Indian companies are rushing to hedge their overseas dollar debt against further declines in the rupee, a process that threatens to translate into further losses for the battered local currency.
Firms in the country had $79 billion in uncovered offshore loans at the end of March, or about 44% of their total overseas borrowing, according to the latest data from the Reserve Bank of India. The cost of repayment has skyrocketed as the rupee has fallen over 7% this year.
“We have seen increased activity by companies to hedge their dollar exposure since USD/INR broke through the 79 mark,” said Parul Mittal Sinha, head of Indian financial markets at Standard Chartered Plc in Mumbai. “The proportion hedged in dollars is expected to increase in the current risk environment, increasing the demand for dollars.”
While companies are starting to increase hedging levels, the current proportion remains well below the 63% minimum recommended for periods of high currency volatility, according to central bank research.
The rupee slipped to a new all-time low of 80.0638 to the dollar on Thursday and lost 2.4% over the past month, the third worst performing Asian currency over the period. Global funds have sold $29.5 billion worth of Indian stocks this year, on course for a record annual outflow, according to data compiled by Bloomberg Data from 1999.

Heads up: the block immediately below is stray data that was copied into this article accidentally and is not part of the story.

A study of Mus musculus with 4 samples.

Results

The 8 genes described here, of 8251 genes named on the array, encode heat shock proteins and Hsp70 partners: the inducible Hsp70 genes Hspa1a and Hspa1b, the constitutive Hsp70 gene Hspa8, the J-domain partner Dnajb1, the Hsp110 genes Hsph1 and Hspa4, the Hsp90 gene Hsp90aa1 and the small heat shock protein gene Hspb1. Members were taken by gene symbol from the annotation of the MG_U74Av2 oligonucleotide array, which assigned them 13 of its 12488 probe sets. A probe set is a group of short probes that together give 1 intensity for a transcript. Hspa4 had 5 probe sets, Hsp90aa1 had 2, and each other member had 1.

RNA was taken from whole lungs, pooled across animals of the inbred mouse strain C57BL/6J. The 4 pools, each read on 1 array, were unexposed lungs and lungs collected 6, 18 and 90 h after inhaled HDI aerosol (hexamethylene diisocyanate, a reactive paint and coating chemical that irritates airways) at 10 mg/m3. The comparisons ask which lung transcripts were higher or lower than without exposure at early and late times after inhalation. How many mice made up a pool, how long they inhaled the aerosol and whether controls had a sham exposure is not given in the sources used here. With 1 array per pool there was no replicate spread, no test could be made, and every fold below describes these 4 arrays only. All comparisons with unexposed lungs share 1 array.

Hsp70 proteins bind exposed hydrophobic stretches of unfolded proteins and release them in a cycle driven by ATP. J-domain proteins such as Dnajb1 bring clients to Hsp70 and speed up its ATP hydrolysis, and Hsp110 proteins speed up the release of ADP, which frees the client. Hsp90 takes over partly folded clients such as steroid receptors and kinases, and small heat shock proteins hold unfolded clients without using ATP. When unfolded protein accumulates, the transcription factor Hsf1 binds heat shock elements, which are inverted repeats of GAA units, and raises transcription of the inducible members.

The increased demand for hedging by Indian companies is evident in rising dollar term premiums and the process is set to become a key source of rupee depreciation pressure, according to Citigroup Inc.
“External debt holders are likely to refinance their debt or repay from foreign currency revenue sources,” Citi economists Samiran Chakraborty and Baqar Zaidi wrote in a research note this month. “That said, increasingly aggressive US Fed tightening could increase the cost of external financing and, together with a squeeze in global liquidity, could pose challenges to the significant refinancing of external debt due this year.”
Citibank lowered its 12-month forecast for the rupee to 81 to the dollar from an earlier forecast of 79, the economists said.
An alternative to hedging foreign borrowing is to ditch dollar financing altogether and look for cheaper domestic options.
ReNew Energy Global, one of India’s leading green energy companies, recently refinanced $525 million of its dollar-denominated bonds with longer-term rupee financing.
“The company’s broader policy is to hedge forex exposure as the need arises to protect currency and interest rate risk,” said ReNew’s chief financial officer. Power, Kedar Upadhye, in an interview last week.
JSW Steel Ltd., which issued dollar bonds last year, also said it intended to focus more on the domestic fund market this year.
“Indian interest rates are much better compared to what we have to pay if we are to raise funds in international markets,” said Seshagiri Rao, the company’s joint managing director in Mumbai. “We borrowed overseas last year, and this year we will focus on the domestic market.”